BOTANICAL CHARACTERISTICS.—A small, rough, branched shrub, 1 to 2 feet high. Leaves ovate or lanceolate, entire, hairy. Flowers small, white, solitary, axillary, drooping. Capsule deep red, very pungent.
SOURCE.—Tropical America and Asia; cultivated.
DESCRIPTION OF DRUG.—The fruits vary in shape and size, but those most generally used are oblong, wrinkled, pendulous, pod-like berries, the largest (American), about the thickness of a finger, with a long, recurved apex; pericarp bright red, sometimes yellow, thin, translucent; it incloses two or three cells and contains numerous flat, reniform, whitish seeds, which are surrounded by a dry, loose parenchyma, and fastened to a slender placenta; odor peculiar, very irritating, especially in powder or in the fresh state; taste fiery.
Powdered capsicum of the market consists of several species of capsicum ground up together. It is of a reddish color. This is especially true of the American capsicum, which is grown to a limited extent in Texas and Mexico, where it is ground and called "paprika." The African (Zanzibar) pod yields a powder of a greenish- or brownish-yellow color. The commercial variety known as Bombay yields a powder of a more yellowish color than the African, but is not at all like the reddish-orange powder resulting from the American pod. This color fades and disappears on long exposure to the light. It is often adulterated with sawdust and red lead; the former may be detected with the microscope, the latter by digesting the powder in dilute nitric acid, filtering, and adding a solution of sodium sulphate, which will throw down a white precipitate if any lead oxide is present.
STRUCTURE.—A microscopical examination for the distinction of the above varieties has been suggested. This test is based upon the size and character of the cells of the outer layer of the epidermis, the American having, in dimension, the largest and the African the smallest cell in the outer layer of the pericarp. The value of capsicum can be estimated only by assay.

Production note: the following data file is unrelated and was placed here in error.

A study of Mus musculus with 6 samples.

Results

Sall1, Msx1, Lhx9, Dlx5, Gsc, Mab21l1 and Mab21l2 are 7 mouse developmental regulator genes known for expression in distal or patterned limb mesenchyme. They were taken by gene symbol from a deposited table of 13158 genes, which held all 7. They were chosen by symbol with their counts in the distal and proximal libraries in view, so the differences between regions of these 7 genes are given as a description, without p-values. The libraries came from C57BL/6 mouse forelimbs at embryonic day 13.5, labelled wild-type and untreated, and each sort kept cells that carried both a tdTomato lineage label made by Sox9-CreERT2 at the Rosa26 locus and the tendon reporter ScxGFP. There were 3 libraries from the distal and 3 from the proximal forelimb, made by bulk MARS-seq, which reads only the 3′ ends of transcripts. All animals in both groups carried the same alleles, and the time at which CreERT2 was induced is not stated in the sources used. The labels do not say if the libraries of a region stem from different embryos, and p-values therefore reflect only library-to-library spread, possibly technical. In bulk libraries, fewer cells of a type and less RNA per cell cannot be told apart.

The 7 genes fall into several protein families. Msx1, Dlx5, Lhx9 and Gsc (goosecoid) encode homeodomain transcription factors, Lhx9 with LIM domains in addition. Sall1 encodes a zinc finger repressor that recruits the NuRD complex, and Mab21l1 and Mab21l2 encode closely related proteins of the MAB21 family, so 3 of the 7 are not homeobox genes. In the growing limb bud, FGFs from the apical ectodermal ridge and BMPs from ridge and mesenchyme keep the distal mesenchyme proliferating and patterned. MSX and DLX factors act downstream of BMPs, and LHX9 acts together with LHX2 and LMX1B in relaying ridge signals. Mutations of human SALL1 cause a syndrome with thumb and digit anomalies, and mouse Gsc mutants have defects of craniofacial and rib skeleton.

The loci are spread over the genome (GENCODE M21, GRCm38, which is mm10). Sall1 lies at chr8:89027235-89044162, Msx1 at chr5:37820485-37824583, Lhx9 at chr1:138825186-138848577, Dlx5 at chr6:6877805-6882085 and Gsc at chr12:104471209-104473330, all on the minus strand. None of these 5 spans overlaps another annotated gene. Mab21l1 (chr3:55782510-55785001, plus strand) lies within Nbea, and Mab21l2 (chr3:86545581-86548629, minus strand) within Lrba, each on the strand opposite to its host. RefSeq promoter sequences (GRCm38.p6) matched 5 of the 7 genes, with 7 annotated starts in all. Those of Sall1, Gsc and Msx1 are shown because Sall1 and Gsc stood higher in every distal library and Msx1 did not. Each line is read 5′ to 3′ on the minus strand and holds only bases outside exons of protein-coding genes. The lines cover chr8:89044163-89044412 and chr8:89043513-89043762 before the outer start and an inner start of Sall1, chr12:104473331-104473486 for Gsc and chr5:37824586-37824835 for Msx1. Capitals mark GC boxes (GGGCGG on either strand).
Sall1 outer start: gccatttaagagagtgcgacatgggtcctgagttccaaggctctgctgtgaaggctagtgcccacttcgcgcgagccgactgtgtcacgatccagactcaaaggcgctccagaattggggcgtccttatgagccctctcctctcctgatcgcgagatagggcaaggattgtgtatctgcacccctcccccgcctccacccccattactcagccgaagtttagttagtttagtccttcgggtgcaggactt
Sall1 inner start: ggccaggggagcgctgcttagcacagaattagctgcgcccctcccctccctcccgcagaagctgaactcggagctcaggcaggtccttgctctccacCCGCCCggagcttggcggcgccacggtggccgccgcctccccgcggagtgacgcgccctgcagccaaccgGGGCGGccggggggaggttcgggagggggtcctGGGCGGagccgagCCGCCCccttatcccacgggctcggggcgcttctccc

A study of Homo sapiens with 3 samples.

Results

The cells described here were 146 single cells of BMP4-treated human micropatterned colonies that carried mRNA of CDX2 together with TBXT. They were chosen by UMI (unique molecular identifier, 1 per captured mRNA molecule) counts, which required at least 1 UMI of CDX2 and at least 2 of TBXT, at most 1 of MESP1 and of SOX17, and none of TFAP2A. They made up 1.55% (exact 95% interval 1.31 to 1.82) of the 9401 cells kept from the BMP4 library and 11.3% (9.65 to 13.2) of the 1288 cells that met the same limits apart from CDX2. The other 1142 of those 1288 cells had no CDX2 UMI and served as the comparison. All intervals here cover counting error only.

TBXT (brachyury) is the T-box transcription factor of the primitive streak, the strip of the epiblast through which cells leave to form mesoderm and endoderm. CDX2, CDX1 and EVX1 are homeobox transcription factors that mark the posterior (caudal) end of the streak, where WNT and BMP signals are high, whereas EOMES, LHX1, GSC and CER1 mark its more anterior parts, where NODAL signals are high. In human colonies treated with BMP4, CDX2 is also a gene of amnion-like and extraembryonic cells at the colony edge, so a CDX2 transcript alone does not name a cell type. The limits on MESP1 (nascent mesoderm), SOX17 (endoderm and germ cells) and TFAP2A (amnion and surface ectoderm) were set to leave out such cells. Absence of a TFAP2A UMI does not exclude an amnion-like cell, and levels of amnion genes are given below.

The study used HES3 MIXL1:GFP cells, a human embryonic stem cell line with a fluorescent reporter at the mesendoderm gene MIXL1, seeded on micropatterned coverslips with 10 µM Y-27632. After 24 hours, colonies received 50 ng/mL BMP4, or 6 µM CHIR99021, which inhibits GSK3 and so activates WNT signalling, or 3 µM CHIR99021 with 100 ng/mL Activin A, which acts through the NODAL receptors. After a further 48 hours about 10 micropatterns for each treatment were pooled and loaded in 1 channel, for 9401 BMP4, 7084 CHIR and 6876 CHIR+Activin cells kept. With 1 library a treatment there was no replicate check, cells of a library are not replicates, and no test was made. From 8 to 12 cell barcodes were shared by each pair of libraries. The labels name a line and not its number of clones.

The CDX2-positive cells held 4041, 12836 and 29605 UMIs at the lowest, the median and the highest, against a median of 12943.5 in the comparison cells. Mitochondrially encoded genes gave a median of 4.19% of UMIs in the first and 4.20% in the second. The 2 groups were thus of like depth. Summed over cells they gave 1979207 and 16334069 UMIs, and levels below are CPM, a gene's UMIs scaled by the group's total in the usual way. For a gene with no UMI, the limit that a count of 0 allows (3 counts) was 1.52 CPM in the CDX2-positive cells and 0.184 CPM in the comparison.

Powder.—Characteristic elements: See Part iv, Chap. I, B.
CONSTITUENTS.—Capsaicin, C9H14O2, an exceedingly active pungent principle existing principally in the pericarp; a volatile alkaloid having an odor like coniine, supposed to be the result of a decomposition process during ripening of the fruit, as it does not exist in the unripe fruit- fixed oil, fat acids (oleic, palmitic, and stearic), and a red coloring matter (a cholesterin ester of the fat acids). Ash, not exceeding 7 per cent.; insoluble in HCl 1 per cent.
Capsicum should yield not less than 15 per cent. of non-volatile ether extract, soluble in ether, U.S.P. IX.
Preparation of Capsaicin.—Treat petroleum ether extract with alkali; pass CO2 through the solution; collect crystals after standing. Soluble in ether, alcohol, benzene, and fixed oils.
ACTION AND USES.—Externally rubefacient. Internally a powerful stimulant. Its chief value medicinally is in the treatment of malignant sore throat and scarlet fever, used internally and as a gargle. Dose: 1 to 5 gr. (0.06 to 0.3 Gm.).
- OFFICIAL PREPARATIONS.
- Tinctura Capsici (10 per cent.),Dose: 15 to 30 drops (1 to 2 mils).
- Oleoresina Capsici 1/4 to 1 drops (0.016:2 to 0.065 mil).
A Manual of Organic Materia Medica and Pharmacognosy, 1917, was written by Lucius E. Sayre, B.S. Ph. M.